Court Finds Emergency Inside Round Unfair

04.16.15

By William E. Sigler

The court in In re Nine Systems Corp. Shareholders Litigation, C.A. No. 3940-VCN (Del. Ch. Sept. 4, 2014) recently found three venture funds and the directors they appointed liable for breach of fiduciary duties in connection with the recapitalization of a corporation that was running out of cash. Although the court found the recapitalization process to be “grossly unfair,” it declined to award damages, partly because it found the price to be fair and partly because the damages sought by the plaintiffs were found to be too speculative.

Factual Background

The case involved a start-up company called Streaming Media Corporation, which later changed its name to Nine Systems Corporation. The company was founded in 1999 in the midst of the dot-com boom to take advantage of streaming-media technology. The recapitalization occurred two years later.

In Nine Systems, the company’s board of directors approved a recapitalization plan that involved the conversation of certain secured debt into a new class of preferred stock and the issuance of a new class of convertible preferred stock in exchange for new investment capital to finance acquisitions. The board consisted of five members, including the CEO and three designees of a group of investors who owned 54% of the company’s stock and held more than 90 percent of the company’s senior debt. The recapitalization plan had the effect of significantly diluting the minority stockholders.

A principal of one of the interested investors valued the company at $4 million at the time of the recapitalization. In contrast, the court found the company to have a value of zero. However, as a result of the recapitalization, the company was able to acquire new businesses, and four years after the recapitalization the company was sold for $175 million. The lawsuit by the minority investors was filed after the company was sold and ensued for the next six years.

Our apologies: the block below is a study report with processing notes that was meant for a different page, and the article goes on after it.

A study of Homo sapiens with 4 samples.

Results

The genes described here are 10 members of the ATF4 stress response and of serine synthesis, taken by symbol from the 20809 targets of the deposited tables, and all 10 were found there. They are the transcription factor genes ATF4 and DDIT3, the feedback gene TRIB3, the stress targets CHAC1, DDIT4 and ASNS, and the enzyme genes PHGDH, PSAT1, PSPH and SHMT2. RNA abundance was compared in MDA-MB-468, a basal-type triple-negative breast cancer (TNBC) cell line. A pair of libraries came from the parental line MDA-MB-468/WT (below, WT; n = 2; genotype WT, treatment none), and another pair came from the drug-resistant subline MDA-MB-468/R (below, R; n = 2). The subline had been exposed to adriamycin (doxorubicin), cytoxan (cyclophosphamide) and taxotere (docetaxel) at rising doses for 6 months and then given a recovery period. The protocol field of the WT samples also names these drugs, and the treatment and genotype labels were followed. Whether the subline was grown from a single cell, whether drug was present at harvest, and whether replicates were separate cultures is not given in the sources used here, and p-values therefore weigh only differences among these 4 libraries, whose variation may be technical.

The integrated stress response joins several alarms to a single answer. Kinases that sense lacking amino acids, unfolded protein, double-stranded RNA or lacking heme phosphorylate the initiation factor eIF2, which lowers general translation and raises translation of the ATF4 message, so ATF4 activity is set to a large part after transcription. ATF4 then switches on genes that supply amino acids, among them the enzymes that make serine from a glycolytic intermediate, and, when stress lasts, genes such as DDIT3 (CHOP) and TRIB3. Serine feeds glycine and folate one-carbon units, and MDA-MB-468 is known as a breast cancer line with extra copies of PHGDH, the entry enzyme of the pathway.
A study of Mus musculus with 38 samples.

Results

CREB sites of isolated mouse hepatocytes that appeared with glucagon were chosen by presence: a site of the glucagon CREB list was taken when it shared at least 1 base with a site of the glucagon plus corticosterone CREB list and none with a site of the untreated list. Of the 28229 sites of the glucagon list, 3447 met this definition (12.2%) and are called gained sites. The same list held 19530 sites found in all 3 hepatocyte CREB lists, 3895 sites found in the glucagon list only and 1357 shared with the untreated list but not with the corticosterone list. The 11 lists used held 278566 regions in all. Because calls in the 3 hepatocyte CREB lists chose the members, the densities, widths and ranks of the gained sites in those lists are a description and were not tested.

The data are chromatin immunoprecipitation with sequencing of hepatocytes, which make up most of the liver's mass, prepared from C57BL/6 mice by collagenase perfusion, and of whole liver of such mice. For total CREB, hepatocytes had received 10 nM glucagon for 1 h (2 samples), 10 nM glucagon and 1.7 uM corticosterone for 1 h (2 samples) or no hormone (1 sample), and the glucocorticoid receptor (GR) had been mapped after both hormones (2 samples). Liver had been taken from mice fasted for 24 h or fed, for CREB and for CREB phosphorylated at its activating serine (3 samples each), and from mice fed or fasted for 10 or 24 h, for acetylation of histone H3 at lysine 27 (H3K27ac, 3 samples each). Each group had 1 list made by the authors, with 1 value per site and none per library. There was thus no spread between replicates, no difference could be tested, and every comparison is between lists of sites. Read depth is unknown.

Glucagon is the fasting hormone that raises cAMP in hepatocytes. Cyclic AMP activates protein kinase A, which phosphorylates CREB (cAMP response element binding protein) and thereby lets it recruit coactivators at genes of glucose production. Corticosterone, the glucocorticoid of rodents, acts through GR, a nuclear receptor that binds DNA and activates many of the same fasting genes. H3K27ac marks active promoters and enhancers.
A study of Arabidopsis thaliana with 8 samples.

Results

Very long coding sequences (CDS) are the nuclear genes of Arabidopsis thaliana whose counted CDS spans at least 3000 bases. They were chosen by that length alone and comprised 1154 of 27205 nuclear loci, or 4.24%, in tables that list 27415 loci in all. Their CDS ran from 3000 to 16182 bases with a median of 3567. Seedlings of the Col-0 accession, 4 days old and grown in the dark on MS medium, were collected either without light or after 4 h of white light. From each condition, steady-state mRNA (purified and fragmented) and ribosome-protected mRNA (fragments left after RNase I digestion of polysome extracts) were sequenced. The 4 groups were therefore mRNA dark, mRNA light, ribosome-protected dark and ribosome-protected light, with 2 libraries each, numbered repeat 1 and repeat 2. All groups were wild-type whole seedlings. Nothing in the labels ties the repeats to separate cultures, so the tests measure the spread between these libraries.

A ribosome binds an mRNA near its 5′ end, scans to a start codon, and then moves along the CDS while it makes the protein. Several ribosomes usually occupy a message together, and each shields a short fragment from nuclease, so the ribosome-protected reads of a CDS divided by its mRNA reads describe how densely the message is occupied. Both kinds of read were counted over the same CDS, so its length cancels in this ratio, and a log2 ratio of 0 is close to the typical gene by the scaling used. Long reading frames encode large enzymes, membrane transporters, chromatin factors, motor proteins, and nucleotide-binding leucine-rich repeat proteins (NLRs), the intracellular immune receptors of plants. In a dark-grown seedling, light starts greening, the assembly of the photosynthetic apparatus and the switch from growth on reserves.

The Court’s Ruling

The court applied a fairness test that consisted of two parts. The first part concerned whether the process involving the recapitalization was fair. The second part involved whether the price was fair. Because the process leading up to the recapitalization was “grossly unfair,” the court found that the interested directors had breached their fiduciary duties and did not satisfy the fairness test.

There are several factors that led to the court’s conclusion:

  • The interested directors failed to keep the independent director fully informed and actually took steps to exclude him from the process, e.g., by holding meetings at times when they knew he could not attend.
  • The independent director said that he would approve the transaction subject to certain changes being made to benefit the minority investors and the interested directors accepted this proposal, but did not follow through with the changes.
  • The board apparently did not understand the valuation that drove the pricing of the recapitalization. The valuation was not prepared by the board or by management or an outside valuation expert, but rather by a principal of one of the interested investors.
  • The right to participate in the recapitalization was offered only to the venture funds affiliated with the interested directors and was not effectively disclosed or offered to the other investors.
  • The court found “unfair dealing” in the board’s failure to inform the minority investors concerning the financing, particularly in a notice that was sent advising the minority investors that the financing had occurred, but without disclosing who participated and on what terms.
  • Certain terms of the financing were changed to benefit the interested investors after the board’s approval of the recapitalization.

Lessons To Be Learned

Nine Systems illustrates the risks for investment funds that comprise a control group with fiduciary duties or which could be liable for aiding and abetting directors who breach their fiduciary duties. It also highlights the importance of appraisals or other credible expert testimony in demonstrating the fairness of a valuation. Above all, Nine Systems demonstrates the importance of a process that is fair to all investors from the outset of a transaction, since there is a risk that the board’s actions, even at the earliest stages of a transaction, will be examined in hindsight during litigation occurring many years later.